It is important to examine the regulation of health and social care for adults, and in doing so ask what expectations are placed on providers and how they can deliver them.
It’s easy to surmise that we are becoming a nation of over-regulation when you stop and glance at the number of bodies and government departments that now exist to lay down rules. So what is the purpose?
For an area such as social care for adults, regulations exist to ensure a minimum standard of care for all. There are essential standards of both quality and safety that must be adhered to so that everyone will experience the same outcome during their care. That care could be at the local GP surgery, at the dentist or at a residential care home. Any business involved in the social care of adults is required to comply by law.
What areas are regulated?
There are 16 core areas of safety and quality standards and a further 12 that will apply differently to each type of supplier.
The regulations also differ in terms of whom they are designed to protect. In a care home setting, the regulation for adequate provision of food and drink that is nutritionally balanced and supports their residents’ health is essential.
There are also regulations in place to ensure that consent for treatment is obtained in a responsible manner. People need to be able to make an informed choice, feeling secure that they have been given all the necessary information about care, examination or treatment. Similarly, one of the core regulations covers the issue of fees to ensure that people are fully informed of what they will be expected to pay for the care they receive.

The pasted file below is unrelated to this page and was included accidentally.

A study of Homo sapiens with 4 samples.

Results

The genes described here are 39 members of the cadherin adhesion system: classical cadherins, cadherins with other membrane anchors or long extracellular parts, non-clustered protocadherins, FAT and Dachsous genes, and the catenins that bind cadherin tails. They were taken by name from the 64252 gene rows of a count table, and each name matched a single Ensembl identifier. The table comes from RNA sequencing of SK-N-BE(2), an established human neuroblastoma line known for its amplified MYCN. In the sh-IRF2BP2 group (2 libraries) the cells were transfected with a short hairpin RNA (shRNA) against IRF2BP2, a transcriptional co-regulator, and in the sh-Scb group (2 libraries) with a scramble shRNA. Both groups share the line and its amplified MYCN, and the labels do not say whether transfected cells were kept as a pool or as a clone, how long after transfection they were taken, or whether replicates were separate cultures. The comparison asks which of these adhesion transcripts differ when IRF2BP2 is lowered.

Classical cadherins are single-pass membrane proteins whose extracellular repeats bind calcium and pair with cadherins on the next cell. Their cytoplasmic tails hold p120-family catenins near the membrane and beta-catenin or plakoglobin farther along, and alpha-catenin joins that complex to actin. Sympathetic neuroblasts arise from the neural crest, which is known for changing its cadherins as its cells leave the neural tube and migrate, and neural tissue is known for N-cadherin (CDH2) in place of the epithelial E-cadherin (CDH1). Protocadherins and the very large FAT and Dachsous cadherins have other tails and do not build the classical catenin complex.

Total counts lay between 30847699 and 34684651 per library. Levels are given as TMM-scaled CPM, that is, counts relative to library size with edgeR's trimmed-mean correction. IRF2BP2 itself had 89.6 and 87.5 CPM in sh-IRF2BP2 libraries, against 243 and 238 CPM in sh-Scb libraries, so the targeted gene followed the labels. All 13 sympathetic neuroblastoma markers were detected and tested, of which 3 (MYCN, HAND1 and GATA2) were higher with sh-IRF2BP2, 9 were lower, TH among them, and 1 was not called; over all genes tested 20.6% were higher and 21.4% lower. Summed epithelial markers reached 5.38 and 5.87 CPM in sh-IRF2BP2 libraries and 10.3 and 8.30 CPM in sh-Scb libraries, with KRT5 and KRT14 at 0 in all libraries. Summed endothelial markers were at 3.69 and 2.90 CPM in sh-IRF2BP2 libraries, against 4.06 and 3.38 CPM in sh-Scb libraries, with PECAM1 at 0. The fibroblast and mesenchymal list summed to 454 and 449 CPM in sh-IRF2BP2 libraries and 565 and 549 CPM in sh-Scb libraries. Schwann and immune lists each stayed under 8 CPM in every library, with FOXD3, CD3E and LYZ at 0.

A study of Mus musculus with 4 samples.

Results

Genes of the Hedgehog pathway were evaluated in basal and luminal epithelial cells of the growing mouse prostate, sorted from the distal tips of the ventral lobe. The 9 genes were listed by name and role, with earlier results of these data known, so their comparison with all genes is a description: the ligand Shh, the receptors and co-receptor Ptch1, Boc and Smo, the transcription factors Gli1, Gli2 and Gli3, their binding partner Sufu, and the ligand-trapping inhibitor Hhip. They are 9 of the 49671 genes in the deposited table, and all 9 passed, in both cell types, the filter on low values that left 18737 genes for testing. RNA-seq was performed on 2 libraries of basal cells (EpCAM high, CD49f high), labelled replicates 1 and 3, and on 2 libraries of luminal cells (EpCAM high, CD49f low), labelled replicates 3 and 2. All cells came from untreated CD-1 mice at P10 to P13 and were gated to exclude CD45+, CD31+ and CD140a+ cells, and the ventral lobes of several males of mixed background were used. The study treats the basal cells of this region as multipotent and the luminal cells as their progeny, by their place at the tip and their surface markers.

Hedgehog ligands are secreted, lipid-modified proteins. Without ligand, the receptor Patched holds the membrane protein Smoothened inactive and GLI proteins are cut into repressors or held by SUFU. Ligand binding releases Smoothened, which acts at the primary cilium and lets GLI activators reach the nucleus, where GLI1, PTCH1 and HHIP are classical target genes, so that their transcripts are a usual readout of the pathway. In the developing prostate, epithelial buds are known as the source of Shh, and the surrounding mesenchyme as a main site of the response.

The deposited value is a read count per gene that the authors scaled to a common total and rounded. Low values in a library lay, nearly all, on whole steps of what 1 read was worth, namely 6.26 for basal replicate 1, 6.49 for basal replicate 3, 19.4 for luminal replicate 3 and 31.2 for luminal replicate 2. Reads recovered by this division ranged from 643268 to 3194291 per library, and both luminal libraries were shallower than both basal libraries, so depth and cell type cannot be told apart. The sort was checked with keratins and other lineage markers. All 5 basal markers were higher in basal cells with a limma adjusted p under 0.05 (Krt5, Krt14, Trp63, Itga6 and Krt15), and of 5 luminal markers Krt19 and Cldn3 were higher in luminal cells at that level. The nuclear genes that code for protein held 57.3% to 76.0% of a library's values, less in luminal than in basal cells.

Quality compliance systems
With so many areas of regulation to adhere to, the most logical approach for providers is to invest in a comprehensive quality compliance system.
Online and hard copy manuals, monitoring documents and policy and procedure advice is dispensed by experts and allows regulations to be met in an efficient manner.
Most documents and procedures can be personalised to each provider’s needs and make the management of all policies simple by including audit documents and action plans.
In conclusion, regulation is an essential requirement of the provision of adult social care and given the complexities involved, the most sensible approach for providers is to invest in specific tools that ensure fullest compliance.
Natascha Hepwood, writes on social and health issues in the UK, she used www.ukqcs.co.uk as a resource when writing this article.